Author: Dr. Emily Stacey, Rose State College
The events of January 6, 2021 will haunt the field of American Political Science in perpetuity. It is important not just for our students but for ourselves to make sense of what happened in an effort to prevent a reoccurrence. The emotions run high on this topic—and more specifically—the buildup to the breaching of the U.S. Capitol building. As with everything we teach in Political Science, we want to do so with a nonpartisan, just-the-facts mentality. The following is a format I suggest for teaching the insurrection that took place on January 6.
Analyze the Rhetoric Preceding the Insurrection
Establish the intent and the rhetoric espoused at the Trump rally before the storming of the Capitol. The discourse regarding “Stop the Steal” and rectifying a fraudulent election started well before Americans voted. In fact, some of the first mentions came from former President Trump himself via Twitter in April 2020. Reading the transcript of the Trump speech on January 6, 2021 or watching it as a class can help students understand the emotional level and perhaps the intent of the crowd before marching to the Capitol building itself.
Incorporate a Timeline When Teaching the Insurrection
Provide a timeline of events: It is important for students who are not living and breathing every moment of politics to have an established timeline and understanding of the events (that’s why establishing the rhetoric is a good place to start). It’s helpful to begin with a more specific timeline starting with the rallies and march on Washington D.C. on January 5, 2021 that saw Proud Boys leader Enrique Tarrio arrested and ordered out of the city. There are numerous timelines available—I use the Washington Post’s interactive timeline.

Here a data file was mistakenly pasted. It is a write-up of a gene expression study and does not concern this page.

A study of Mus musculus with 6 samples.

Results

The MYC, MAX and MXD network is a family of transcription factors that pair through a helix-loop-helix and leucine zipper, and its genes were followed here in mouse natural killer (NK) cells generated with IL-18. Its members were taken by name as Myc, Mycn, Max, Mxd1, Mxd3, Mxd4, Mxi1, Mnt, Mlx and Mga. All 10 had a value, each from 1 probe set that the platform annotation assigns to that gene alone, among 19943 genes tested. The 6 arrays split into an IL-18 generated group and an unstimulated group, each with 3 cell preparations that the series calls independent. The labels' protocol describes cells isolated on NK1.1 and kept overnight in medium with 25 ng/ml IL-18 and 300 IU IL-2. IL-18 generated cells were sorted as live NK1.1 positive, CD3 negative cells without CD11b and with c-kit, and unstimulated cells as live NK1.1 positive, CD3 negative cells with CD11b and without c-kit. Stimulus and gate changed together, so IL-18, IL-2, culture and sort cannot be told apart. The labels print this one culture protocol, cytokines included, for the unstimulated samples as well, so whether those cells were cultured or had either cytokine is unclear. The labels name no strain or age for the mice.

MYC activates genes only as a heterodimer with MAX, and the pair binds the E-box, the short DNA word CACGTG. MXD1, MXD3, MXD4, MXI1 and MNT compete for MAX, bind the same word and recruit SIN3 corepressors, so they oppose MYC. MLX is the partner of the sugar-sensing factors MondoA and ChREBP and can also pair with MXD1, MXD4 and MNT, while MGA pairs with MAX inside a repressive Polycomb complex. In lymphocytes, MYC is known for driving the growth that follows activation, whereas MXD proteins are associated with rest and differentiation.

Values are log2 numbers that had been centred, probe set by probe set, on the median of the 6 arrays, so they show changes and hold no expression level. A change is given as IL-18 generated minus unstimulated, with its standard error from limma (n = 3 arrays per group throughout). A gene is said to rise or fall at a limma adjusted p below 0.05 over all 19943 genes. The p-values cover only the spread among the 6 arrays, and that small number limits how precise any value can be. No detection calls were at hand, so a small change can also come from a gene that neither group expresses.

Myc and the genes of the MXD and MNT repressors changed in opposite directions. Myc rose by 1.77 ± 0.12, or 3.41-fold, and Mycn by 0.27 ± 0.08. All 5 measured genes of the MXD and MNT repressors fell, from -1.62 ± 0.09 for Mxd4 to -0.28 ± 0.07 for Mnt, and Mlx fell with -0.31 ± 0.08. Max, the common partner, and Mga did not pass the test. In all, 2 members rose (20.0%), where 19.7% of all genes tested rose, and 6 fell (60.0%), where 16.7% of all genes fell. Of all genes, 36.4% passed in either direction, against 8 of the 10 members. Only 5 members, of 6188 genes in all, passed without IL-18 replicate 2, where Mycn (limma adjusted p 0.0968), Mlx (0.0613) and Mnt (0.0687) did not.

Teach the Insurrection Through Real-World Accounts
Review real-world accounts of the event from journalists who lived through it. CBS News reporter Grace Segers provides a minute-by-minute report of her personal experience on January 6 starting from her reporting in the Senate press gallery when it was breached by rioters. These personal stories make it difficult to turn away from and remain desensitized to what occurred in Washington D.C. that day. They also provide greater context as to what happened and how it happened.
Open a Discussion When Teaching the Insurrection
Encourage frank, fact-based conversation among your students about the event. Many of our students are experiencing this vitriolic American political environment as first-time voters and are sadly becoming accustomed to the nation’s politics being violent, uncompromising, and in many cases, lethal. Remind students that this is not what American political discourse has been historically (with obvious outliers, such as 1968). The polarization that has entrenched our system must not overshadow the reality that we are all Americans in the end.
The events of January 6, 2021 will be a continuous teaching moment for Political Science in the United States and abroad. It’s essential to acknowledge the discourse and parties involved, including groups and rhetoric not mentioned here, such as QAnon and the Three Percenters. We, as Political Science professors, have a unique and critical job to do in parsing the details, ideologies, and conspiracies that led to this event. A part of American society believed an election was fraudulent and rose up against the constitutionally prescribed processes. In doing so, they hoped to halt the peaceful transition of executive power in the longest-functioning democracy in the world. Somewhat heavy stuff. Good luck, my friends!